Strange times, hard times. My book Talking to the Dead launches today. It’s the best book I’ve ever written. It’ll appeal to you if you enjoy crime – and if you don’t normally read crime, well, this is much more than a crime novel. It’s a book that’s as much about the heroine, Fiona Griffiths, as it is about solving a murder. I hope you buy it, if you haven’t done so already.
But you’ll have to buy the book on Amazon, download it to your e-reader, or find it at a sturdy independent bookstore. (One like Goldsboro Books, for example.) Because if you want to know how many copies Waterstones has ordered, the answer is zero. None. Not a single copy. That’s the biggest high street book chain in Britain, we’re talking about. WH Smith has bought none either.
That’s not because Waterstones has a personal vendetta with me. They now buy ‘brand names only and even then it’s start small and reorder if necessary.’ (The quote comes from a publisher, who knows these things from the inside.)
It’s hard to know quite what to say. I suppose at least three thoughts spring to mind.
1) What are hardbacks for? Lots of people don’t like or buy hardbacks. I don’t. Perhaps Waterstones is, to some extent, aligning itself with customer preference.
2) A chain that can’t sell new product is not long for this world. On the other hand, what is a bookstore there for, if not to introduce wonderful new books by wonderful new writers? If it can’t make money doing that, will it really be able to subsist financially on what remains? Given that there is already a steady erosion of revenues to the ebook (*), one would guess the answer to be no. Not in the long term, anyway.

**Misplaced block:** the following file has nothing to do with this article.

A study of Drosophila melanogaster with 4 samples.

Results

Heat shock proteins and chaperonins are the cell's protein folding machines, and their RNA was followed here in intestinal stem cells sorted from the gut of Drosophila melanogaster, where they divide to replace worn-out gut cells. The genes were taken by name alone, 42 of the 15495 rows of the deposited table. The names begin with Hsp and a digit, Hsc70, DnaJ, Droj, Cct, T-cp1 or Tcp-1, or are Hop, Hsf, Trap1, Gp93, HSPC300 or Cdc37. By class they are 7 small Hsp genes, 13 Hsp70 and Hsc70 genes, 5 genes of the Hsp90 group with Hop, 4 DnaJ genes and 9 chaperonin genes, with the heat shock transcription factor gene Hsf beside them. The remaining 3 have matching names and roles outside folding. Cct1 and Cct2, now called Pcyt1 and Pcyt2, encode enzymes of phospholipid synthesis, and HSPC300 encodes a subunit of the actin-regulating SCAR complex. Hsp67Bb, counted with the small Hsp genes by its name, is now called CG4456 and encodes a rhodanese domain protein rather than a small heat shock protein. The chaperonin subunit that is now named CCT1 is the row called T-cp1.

3)And does it even matter? I, and all authors, have always loved bookshops because they are they to promote and sustain our work, visibly, proudly and supportively. Waterstones and others were once willing to take risks, to offer the new, to offer the quirky alongside the mainstream. But if chains retreat into a shell of easy sales – a mashup of Jamie Oliver, Victoria Hislop, Suzanne Collins, Ian Rankin – does it really matter whether they survive or not? Do they do anything distinctive for the literary culture of Britain that is not done as well or better by Amazon and indie bookstores? There is not, at present, a convincing positive answer to that question.
That’s not to say that physical books or physical bookshops will die. I mentioned Goldsboro Books, the bookshop run by literary agent David Headley, because I went in there this week to sign 150 copies. David has already managed to pre-sell 120 of those and will be shipping them this week. So people want books. And good booksellers can sell ’em.
* – Yes, I know Waterstones now has an in-store tie-up with Amazon, but sales are eroding anyway.